Now that Francisco Cervelli has replaced Jose Molina as the Yankees’ backup catcher A.J. Burnett and Jorge Posada are working together after making headlines last season for their lack of comparability as a battery.
They were paired up Saturday and Mark Feinsand of the New York Daily News notes that “Burnett credited Posada for helping him through the outing” despite not having his best stuff.
Here’s more from Burnett:
I give a lot of props to Jorge back there. He gave me some early targets and we were in a really good rhythm from pitch one. It was easy upstairs for both of us. It was fun to work today. I was relaxed and confident because my catcher was.
Even though we talked about it and we knew it wasn’t about him and it wasn’t about me, the whole thing blew up so much, it keeps in the back of your mind. To come here and work with him, to throw to him every start and just have fun and relax, it’s so different. It’s nice.
Last year Burnett allowed 5.3 runs per nine innings in 16 starts with Posada compared to 3.4 runs per nine innings in 11 starts with Molina. Those stats are certainly significant at first glance, but when talking about a sample size of fewer than 100 innings with each catcher the conclusions drawn from them are iffy at best.
Molina was praised for working so well with Burnett during the regular season, but then they had a 5.27 ERA together in five playoff starts. If you combine regular season with postseason Burnett allowed 4.0 runs per nine innings with Molina and 5.3 runs per nine innings with Posada, which is well within range of “random.”
Small samples of stats like that can be misleading and Burnett’s time in Toronto throwing to veteran catcher Gregg Zaun provides a good example. They thrived together in 2007 with a 3.12 ERA, but then struggled together in 2008 with a 5.68 ERA. So for anyone drawing conclusions one year Zaun was a Molina-like great fit with Burnett and the next year he was a Posada-like terrible fit with Burnett.
Posada has had a lot of success catching a lot of good pitchers for a lot of good teams. And odds are he’ll be just fine with Burnett too.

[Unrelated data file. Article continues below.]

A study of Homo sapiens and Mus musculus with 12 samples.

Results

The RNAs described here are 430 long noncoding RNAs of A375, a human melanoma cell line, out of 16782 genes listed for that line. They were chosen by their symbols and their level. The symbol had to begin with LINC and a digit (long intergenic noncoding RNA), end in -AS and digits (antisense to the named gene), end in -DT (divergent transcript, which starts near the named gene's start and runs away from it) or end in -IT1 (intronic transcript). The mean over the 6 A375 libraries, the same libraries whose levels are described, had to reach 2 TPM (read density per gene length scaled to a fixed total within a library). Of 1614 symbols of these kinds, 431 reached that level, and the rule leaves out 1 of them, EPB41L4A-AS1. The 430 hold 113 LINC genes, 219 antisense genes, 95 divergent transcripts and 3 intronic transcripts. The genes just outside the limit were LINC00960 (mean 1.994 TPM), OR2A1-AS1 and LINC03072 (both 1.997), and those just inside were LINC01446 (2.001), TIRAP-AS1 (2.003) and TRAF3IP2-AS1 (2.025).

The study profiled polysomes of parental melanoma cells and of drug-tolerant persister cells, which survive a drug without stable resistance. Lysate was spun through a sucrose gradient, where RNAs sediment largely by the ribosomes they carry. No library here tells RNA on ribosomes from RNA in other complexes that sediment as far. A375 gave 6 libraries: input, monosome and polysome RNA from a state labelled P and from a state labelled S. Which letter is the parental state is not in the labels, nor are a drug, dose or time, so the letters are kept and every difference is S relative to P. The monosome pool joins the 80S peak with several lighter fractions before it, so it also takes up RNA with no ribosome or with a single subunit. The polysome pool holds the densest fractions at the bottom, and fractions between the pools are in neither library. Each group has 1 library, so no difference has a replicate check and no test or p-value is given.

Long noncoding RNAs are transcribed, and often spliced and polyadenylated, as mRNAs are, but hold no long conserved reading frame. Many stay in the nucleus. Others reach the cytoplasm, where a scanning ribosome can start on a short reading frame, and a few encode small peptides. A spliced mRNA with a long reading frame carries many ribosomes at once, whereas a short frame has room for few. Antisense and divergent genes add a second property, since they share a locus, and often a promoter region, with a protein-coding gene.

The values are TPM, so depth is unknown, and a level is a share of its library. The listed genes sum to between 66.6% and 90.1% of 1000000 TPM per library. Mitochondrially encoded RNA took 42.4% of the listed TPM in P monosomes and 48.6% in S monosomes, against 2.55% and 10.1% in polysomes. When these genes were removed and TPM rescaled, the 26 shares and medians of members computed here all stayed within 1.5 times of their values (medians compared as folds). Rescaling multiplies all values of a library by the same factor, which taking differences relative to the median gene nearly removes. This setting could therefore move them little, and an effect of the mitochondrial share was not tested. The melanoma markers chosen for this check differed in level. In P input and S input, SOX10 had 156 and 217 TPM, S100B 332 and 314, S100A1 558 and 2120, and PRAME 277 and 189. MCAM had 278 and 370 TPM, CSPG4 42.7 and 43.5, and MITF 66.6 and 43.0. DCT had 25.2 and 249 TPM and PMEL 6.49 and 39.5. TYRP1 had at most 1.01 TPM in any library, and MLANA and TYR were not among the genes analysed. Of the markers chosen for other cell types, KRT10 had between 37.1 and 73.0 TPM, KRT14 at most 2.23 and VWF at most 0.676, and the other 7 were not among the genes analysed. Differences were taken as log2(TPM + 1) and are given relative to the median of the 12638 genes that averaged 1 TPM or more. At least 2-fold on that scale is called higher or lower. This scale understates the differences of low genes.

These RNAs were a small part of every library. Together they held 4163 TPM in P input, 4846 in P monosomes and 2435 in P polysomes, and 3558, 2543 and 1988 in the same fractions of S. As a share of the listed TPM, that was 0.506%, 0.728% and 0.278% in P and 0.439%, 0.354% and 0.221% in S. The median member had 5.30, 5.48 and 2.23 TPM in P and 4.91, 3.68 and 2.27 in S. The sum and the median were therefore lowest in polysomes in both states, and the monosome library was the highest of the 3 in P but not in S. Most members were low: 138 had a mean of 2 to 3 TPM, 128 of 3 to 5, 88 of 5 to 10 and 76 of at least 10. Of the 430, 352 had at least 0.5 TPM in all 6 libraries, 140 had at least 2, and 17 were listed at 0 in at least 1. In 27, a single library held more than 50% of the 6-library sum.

Veteran utilityman Reid Brignac is in camp with the Astros on a minor league deal. The 31-year-old is close to being done as a major leaguer as he owns a career .219/.264/.309 triple-slash line across parts of nine seasons. In an effort to prolong his big league career, Brignac is now attempting to become a switch-hitter, MLB.com’s Brian McTaggart reports.
I’m going to try it out this year. It was something that I just thought long and hard about and I was like, ‘OK, I’m going to try and see how it goes.’ I used to switch-hit when I was younger off and on, nothing consistent. I could always handle the bat right-handed. I play golf right-handed, so I do a lot of things that way that feel natural.
I just want to get to the point where I’m trying to stay in games, not get pinch-hit for, not starting games because a lefty is starting. … That could help me stay in the games longer. I’m trying to add a new element. I play multiple positions and now if I can switch hit and be consistent at it, then that can only help me.
As Brignac mentions, he’s also verstile. He’s a shortstop by trade, but has also logged plenty of innings at second base and third base, and has occasionally played corner outfield.
There aren’t any examples — at least that I can think of — where players began switch-hitting late in their careers and actually succeeding in the major leagues. As the saying goes, you can’t teach an old dog new tricks. But here’s hoping Brignac bucks the trend.
Angels shortstop Andrelton Simmons fell off the map a bit last year due to a combination of the Angels’ mediocrity, Simmons’ lack of offense, and a month-plus of missed action due to a torn ligament in his left thumb.
Simmons is still as good and as smart as ever on defense. That was on full display Monday when the Angels hosted the Padres for an afternoon spring exhibition.
With a runner on first base and nobody out in the top of the second inning, Carlos Asuaje grounded a 2-0 J.C. Ramirez fastball to right field. The runner, Hunter Renfroe, advanced to third base. Meanwhile, Asuaje wandered a little too far off the first base bag. Simmons cut off the throw to first base, spun around and fired to Luis Valbuena at first base. Valbuena swiped the tag on Asuaje for the first out of the inning.